New approaches to science, technology and innovation help to meet UN Sustainable Development Goals

Insights from Sussex research have been adopted by the UN and are shaping the way that governments worldwide use science, technology and innovation to reduce poverty and achieve the UN’s Sustainable Development Goals.

Someone flying a flag with the United Nations sustainable development goals with a blue sky in the background.

In 2015, the United Nations launched its 17 Sustainable Development Goals (SDGs) in a universal call to end poverty, protect the planet and ensure that all people enjoy peace and prosperity. Research from the Business School’s Science Policy Research Unit (SPRU) has been instrumental in helping developing nations to meet the goals.

A new approach to innovation

Following his formal participation in the 2012 United Nations Conference on Sustainable Development (known as Rio+20), Dr Adrian Ely was commissioned by the UN Conference on Trade and Development (UNCTAD) to be the academic lead on its ‘New innovation approaches to support the implementation of the SDGs’ report.

Produced together with the UNCTAD team and colleagues Patrick Van Zwanenberg and Mariano Fressoli, the report considered the opportunities offered by innovation emerging from grassroots movements, social enterprises and technology users, as well as governments and the private sector.  “Emerging forms of collaboration, often supported by digital technologies, require governments to think about innovation in new ways” explains Ely. “Applying them to environmental and social objectives presents both opportunities and challenges.”

The report presents five new approaches to innovation, highlights how they can contribute to the SDGs, and proposes concrete policy considerations.

Creating a framework to support innovation in developing countries

UNCTAD subsequently asked Ely to create a new framework for its science, technology and innovation policy (STIP) review programme in developing countries. STIP reviews provide tailored advice to help countries establish strategic priorities for development and to meet the SDGs.

Ely worked with Johan Schot and colleagues at UNCTAD, and sought inputs from a range of international networks. The resulting framework – Harnessing Innovation for Sustainable Development: A Framework for Science, Technology and Innovation Policy Reviews, published in 2019 – incorporates key concepts and approaches to innovation drawn directly from SPRU research, including a focus on directionality in innovation pathways and transformative innovation policy.

Directionality of innovation was a key focus of the award-winning international project – Innovation, Sustainability and Development: A New Manifesto, led by the Social, Technological and Environmental Pathways to Sustainability (STEPS) Centre, which is co-hosted by SPRU and the Institute of Development Studies. This project involved a shift in emphasis from the quantitative rate of innovation to its qualitative contributions to sustainable development. The new UNCTAD framework draws on these ideas and includes directionality as one of the key policy review criteria for STIP reviews.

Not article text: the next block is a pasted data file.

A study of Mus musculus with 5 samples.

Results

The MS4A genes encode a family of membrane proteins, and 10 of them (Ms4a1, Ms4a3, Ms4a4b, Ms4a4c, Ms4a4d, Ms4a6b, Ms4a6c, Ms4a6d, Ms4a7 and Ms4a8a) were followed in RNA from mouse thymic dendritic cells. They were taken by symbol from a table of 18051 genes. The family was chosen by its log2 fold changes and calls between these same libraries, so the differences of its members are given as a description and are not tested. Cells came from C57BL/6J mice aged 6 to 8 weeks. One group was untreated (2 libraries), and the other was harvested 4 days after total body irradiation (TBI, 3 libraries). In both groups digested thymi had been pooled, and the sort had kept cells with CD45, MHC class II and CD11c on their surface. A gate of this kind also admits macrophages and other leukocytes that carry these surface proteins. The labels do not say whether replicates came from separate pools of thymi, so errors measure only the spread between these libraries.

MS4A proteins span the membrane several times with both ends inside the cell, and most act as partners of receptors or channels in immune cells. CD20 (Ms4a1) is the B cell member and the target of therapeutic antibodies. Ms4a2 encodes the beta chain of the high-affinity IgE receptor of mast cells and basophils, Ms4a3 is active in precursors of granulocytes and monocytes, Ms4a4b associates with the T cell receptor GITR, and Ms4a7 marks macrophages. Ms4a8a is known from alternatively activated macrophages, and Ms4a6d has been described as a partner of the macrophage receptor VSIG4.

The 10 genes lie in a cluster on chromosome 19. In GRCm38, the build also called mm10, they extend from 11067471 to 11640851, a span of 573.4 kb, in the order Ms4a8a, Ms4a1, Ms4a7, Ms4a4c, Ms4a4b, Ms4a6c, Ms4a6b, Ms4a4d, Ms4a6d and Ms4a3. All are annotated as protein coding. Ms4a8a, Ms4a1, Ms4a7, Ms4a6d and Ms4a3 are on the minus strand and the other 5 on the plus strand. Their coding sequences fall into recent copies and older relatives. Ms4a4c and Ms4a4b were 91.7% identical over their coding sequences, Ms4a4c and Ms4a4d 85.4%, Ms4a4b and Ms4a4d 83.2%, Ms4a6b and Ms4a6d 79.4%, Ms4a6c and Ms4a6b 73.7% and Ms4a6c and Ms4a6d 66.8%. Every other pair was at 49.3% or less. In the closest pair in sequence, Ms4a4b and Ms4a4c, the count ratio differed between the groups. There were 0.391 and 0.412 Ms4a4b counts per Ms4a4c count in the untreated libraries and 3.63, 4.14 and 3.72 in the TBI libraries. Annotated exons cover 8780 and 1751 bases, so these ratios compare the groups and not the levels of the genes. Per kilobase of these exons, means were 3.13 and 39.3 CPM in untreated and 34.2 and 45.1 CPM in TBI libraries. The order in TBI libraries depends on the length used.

The framework also outlines how STIP reviews can make use of transformative innovation policy experimentation – using experimental actions and policy engagement to challenge unsustainable practices – as recommended in a key study by SPRU academics Johan Schot and Ed Steinmueller.

UNCTAD has so far applied the new framework in it its STIP reviews in Ethiopia and Zambia, supported by another SPRU colleague Chux Daniels, and is planning to use it in forthcoming reviews in other countries. The framework helps governments to evaluate their science, technology and innovation policies, and to use participatory, co-design processes to mobilise actors towards change. Shamika Sirimanne, Director of UNCTAD’s Division of Technology and Logistics and Head of the Secretariat of the UN CSTD, explains the impact of the review process: “The reformulation of the science, technology and innovation policies in these countries will have significant long-term impacts on poverty alleviation, environmental sustainability and economic development – impact that links directly to the research conducted by the University of Sussex.” 

Leadership in sustainable development

Research such as Dr Ely’s has helped to secure the University’s place among the top 50 universities in the world for delivering on the United Nations’ Sustainable Development Goals (SDGs). The Times Higher Education (THE) World Impact Rankings 2021 placed Sussex 41st out of 1,115 institutions worldwide, and ninth in the UK, taking account of teaching and outreach as well as research.